To fulfill President Obama’s goal under the ConnectED initiative to connect 99% of the nation’s students to the Internet through high-speed broadband and wireless in four years, the Federal Communications Commission (FCC) approved an E-Rate modernization order on July 11, 2014, that directs at least $1 billion in support for Wi-Fi for FY 2015 and FY 2016. The order also begins a multi-year transition of all program funding to broadband by gradually phasing down support for non-broadband services. The order also seeks to maximize E-Rate spending by incentivizing consortia and bulk purchasing and streamlining the application process. The new E-Rate rules will be in place in time to support Wi-Fi upgrades beginning in the 2015−2016 school year.
The order, approved on a party-line vote by the FCC, was seen as a huge advocacy success for NASSP and our partners in the Education and Libraries Network Coalition (EdLiNC) who were apprehensive about FCC Chairman Tom Wheeler’s draft proposal that was circulated in June. Though the proposal aimed to “close the Wi-Fi gap, make E-Rate dollars go farther, and bring E-Rate into the 21st century,” our coalition expressed concern that the proposal fell short and did not provide a plan for sustained funding and support.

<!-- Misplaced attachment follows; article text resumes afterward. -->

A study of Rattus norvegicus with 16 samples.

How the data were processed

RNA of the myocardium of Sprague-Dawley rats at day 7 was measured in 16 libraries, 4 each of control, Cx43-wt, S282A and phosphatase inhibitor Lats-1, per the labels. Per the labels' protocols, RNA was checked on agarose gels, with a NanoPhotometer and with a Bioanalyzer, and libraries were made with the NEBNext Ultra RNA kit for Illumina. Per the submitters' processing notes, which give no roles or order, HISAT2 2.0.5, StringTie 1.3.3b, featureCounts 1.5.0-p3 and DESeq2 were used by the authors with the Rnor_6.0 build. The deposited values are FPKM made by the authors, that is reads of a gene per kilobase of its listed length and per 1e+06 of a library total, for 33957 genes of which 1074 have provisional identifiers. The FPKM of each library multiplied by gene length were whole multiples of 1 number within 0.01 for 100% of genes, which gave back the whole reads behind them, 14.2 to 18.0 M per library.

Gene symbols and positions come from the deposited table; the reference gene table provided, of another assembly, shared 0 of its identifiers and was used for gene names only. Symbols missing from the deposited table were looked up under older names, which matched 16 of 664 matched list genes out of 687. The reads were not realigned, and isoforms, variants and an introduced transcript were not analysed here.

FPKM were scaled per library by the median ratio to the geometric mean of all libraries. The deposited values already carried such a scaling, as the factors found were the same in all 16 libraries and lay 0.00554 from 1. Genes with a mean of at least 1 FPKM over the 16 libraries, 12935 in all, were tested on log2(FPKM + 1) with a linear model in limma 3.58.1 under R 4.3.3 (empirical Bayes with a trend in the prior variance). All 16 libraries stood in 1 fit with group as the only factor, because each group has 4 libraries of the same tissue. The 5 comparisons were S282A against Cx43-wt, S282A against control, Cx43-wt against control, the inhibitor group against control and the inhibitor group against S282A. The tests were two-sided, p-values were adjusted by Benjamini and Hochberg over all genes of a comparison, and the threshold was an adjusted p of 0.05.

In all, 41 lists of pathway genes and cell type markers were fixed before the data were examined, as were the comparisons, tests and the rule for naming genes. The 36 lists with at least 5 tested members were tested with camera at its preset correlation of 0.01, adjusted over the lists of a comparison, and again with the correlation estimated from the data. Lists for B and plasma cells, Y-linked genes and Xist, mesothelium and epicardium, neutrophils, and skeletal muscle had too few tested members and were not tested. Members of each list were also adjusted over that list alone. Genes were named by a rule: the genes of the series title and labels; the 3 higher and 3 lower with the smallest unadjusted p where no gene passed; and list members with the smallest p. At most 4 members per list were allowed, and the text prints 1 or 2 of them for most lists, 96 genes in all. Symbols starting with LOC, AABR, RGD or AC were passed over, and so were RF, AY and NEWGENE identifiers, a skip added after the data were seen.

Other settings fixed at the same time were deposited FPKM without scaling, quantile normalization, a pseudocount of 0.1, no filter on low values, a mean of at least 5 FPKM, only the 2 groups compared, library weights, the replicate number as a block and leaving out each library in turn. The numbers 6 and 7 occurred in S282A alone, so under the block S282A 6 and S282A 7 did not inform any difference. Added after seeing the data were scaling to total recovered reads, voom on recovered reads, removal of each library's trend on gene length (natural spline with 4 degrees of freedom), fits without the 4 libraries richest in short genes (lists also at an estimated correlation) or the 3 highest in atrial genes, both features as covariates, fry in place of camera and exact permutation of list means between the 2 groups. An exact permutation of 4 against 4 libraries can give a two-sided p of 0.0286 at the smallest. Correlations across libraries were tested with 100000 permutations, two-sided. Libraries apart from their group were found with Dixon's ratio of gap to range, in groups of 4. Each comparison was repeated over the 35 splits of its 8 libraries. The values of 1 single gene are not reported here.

A letter backed by more than a dozen groups, including NASSP, expressed concerns on the ability of the FCC to pay for its $5 billion, five-year plan to invest in internal Wi-Fi without a permanent increase to the program’s $2.4 billion funding cap, which was not included in Wheeler’s draft proposal. Though the FCC had repurposed $2 billion in existing funds to prioritize broadband, our organizations were doubtful that an additional $3 billion would appear in funding. NASSP staff also attended meetings with FCC officials in June to convey these concerns in person.
Following the order, the FCC released a Further Notice of Proposed Rulemaking on the E-Rate program on July 23 that seeks comments on:
- Ensuring affordable access to high-speed broadband sufficient to support digital learning in schools and robust connectivity for all libraries
- Maximizing the cost-effectiveness of spending for E-Rate supported purchases
- Making the E-Rate application process and other E-Rate processes fast, simple, and efficient
NASSP believes that technology can increase equity and access to educational opportunities for all students and enhance the impact and reach of great teaching in schools. But we know that teachers and students will only use those tools if they can rely on the connectivity of their broadband network and Wi-Fi capacity. For this reason, we will continue to advocate for a robust E-Rate program and encourage the FCC to permanently raise the funding cap.
NASSP will be submitting joint comments with EdLiNC to the FCC and individual comments on behalf of our members before the deadline on September 15, 2014. Principals are also encouraged to send comments directly to the FCC.